Louis C.K. Delivers a Solid, Occasionally Icky Episode of 'Saturday Night Live'
Cold Open — Alec Baldwin is back as Donald Trump, who attends a town hall with his supporters and finds out to exactly what lengths they will go to continue supporting him. The entire sketch is summed up in an analogy Trump makes in the sketch: “You people stand by me no matter what. It’s like you found a finger in your chili,
but you still eat the chili, because you told everyone how much you loved the chili!” That’s about right. (Score: 6.5 out of 10)
Louis C.K. Monologue — Pretty good stand-up set, but not nearly as good as his Netflix special. On a Louis CK curve, it’s a 5.5 out of 10. On a SNL monologue curve, it’s a (Score: 9 out of 10). (Watch Here)
This week, I think I’m going to rank the rest of the sketches from Best to Worst:
Birthday Clown — Louis plays Ernest, a middle-aged man who invites a children’s birthday party clown to his birthday party of one, and Bobby Moynihan brilliantly plays a birthday-party clown in the awkward uncomfortable position of putting on a show meant for children for a middle-aged man. Stick around for the whole thing. It’s a clever sketch sprinkled with small, clever moments, and Moynihan kills it. (Score: 9 out of 10)
Tenement Museum — Louis and Kate McKinnon play a married Polish couple in one of those living museums, only instead of really talking about what it’s like to be Polish during their time period, they just make racist jokes about Italians, which is probably what it was like to be Polish during that time period. That in and of itself is so-so funny, but what makes the sketch transcend the material is that Louis keeps slipping into a Borat impression, and Kate McKinnon can’t keep it together. (Score: 8 out of 10)
Pepsi Commercial — While shooting that Pepsi commercial with Kendall Jenner, the director the the commercial (Beck Bennett) calls all his friends to brag about what a terrific idea he had, only to be confronted with the cold-hard reality when it’s too late to scrap the spot. Poor bastard. (Score: 7.5 out of 10)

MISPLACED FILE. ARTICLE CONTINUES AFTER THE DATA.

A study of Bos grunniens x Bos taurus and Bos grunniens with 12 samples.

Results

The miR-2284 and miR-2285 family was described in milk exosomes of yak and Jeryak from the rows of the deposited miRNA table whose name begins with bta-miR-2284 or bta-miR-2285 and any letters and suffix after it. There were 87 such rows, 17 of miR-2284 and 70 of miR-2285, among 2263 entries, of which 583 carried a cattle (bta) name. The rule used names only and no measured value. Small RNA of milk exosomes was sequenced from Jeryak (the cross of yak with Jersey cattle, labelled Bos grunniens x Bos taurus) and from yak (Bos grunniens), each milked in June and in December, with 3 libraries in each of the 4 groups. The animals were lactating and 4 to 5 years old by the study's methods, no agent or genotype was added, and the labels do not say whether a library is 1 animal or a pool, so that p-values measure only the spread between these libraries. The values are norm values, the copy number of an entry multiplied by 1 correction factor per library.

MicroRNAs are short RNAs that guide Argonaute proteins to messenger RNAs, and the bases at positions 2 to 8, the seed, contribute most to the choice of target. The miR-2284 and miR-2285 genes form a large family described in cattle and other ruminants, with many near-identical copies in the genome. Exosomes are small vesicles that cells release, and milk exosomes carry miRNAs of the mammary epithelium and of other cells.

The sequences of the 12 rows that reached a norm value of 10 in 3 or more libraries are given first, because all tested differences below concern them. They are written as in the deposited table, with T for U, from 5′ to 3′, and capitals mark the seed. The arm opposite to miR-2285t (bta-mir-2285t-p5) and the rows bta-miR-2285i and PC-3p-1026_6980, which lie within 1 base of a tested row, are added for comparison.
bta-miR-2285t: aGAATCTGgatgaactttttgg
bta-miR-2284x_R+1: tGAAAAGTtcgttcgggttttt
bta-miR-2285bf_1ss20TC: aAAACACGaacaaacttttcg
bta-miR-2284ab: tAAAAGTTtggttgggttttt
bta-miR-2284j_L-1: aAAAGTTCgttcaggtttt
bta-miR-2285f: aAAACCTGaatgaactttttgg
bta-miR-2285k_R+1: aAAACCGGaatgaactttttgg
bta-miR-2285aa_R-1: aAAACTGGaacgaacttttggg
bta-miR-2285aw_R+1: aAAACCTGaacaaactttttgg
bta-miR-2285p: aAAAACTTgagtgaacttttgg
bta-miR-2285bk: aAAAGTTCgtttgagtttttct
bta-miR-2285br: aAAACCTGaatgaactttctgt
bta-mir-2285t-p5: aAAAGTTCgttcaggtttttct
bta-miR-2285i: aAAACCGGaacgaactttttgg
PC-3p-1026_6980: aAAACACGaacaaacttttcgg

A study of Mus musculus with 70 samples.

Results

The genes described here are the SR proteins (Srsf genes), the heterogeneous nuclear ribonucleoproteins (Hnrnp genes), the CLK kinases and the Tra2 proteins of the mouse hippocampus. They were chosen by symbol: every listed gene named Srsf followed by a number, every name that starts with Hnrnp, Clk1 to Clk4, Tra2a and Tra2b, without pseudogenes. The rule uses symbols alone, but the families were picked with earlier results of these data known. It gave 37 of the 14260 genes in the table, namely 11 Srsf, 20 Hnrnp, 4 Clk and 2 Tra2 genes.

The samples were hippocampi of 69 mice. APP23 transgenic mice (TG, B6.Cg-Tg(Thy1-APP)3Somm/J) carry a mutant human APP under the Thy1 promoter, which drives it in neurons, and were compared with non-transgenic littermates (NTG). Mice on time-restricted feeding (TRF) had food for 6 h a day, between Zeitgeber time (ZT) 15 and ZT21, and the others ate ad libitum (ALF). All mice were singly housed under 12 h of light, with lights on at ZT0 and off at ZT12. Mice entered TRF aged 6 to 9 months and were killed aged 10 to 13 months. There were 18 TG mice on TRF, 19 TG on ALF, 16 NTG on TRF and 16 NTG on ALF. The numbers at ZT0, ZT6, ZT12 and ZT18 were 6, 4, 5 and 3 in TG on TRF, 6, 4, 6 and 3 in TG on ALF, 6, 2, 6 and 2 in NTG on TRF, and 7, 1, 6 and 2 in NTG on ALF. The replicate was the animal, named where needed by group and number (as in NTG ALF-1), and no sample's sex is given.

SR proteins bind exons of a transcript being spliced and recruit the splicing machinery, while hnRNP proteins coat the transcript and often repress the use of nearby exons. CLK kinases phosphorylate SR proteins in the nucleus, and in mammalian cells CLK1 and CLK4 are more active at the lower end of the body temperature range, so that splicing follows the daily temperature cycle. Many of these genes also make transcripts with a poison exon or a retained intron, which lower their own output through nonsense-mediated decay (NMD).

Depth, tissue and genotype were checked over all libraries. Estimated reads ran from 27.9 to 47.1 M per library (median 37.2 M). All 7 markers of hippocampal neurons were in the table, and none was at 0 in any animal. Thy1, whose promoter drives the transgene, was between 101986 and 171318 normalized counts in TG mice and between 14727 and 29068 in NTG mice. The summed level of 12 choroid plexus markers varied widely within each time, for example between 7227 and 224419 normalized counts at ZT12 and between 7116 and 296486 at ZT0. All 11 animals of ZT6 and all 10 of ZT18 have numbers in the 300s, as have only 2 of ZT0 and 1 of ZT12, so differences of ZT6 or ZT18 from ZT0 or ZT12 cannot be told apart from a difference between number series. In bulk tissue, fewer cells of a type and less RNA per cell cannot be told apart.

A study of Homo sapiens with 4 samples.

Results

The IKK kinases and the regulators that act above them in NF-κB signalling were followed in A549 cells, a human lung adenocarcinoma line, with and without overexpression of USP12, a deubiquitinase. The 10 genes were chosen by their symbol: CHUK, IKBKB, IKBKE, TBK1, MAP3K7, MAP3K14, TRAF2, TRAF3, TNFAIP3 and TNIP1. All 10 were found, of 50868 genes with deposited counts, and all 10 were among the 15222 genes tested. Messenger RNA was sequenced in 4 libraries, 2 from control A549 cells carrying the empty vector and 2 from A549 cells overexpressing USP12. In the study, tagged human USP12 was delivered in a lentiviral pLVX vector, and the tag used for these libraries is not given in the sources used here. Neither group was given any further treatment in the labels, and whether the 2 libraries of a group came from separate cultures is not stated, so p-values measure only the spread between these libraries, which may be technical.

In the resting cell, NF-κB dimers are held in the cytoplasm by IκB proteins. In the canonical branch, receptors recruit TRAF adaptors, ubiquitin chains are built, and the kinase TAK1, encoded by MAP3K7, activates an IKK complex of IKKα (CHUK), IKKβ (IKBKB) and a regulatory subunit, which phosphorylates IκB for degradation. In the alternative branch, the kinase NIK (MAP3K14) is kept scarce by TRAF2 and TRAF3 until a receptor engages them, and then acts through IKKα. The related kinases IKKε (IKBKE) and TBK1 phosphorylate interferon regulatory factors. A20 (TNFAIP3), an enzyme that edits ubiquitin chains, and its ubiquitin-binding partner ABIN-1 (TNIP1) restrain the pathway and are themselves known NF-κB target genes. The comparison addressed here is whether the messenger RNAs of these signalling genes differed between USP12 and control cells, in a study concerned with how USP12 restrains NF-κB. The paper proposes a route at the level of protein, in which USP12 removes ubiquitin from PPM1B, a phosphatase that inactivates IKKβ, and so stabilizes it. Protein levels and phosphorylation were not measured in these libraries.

Thank You, Scott — Scott (Louis) solves racism and all the other problems of the world through the simple act of sharing that article on Facebook and adding “Black Lives Matter” to his Twitter bio. Thank you, Scott! #Resist (Score: 7 out of 10)
Soda Shop — Louis plays Sam, a 50’s soda shop owner who creepily asks out a high-school girl (Cecily Strong) who hasn’t gotten a date for the spring fling. It’s a 5, but the clever ending elevates it. (Score: 6 out of 10)
The Lawyer — Louis plays a lawyer with beautiful eyelashes who manipulates everyone with his eyes. I have no idea why this sketch is funny, and yet … (Watch Here) (Score: 6 out of 10)
The O’Reilly Factor — It’s not that that sketch is terrifically funny in and of itself, because it’s not, but Baldwin brilliantly depicts the mannerisms of O’Reilly and really captures the essence of his creepiness. It’s the kind of SNL sketch that’s going to reverberate in the real world. Watch here. (Score: 5.5 out of 10)
Sectional — This genuinely feels less like a Louis C.K. sketch and more like a Zach Galifianakis sketch. It’s just a guy who really loves sectionals and takes out a television commercial not to sell those sectionals, but to profess his love for them. (Watch here) (Score: 5.5 out of 10)
Weekend Update — Blah blah blah Trump joke blah blah blah Che makes a joke about how white Colin Jost is blah blah blah obvious joke obvious joke obvious joke smirk condescension smirk Kate McKinnon. (Watch Part 1 and Part 2) (Score: 4 out of 10)
p.s. Sorry it’s late, Mat. The wife is out of town, and I have the twins by myself this weekend.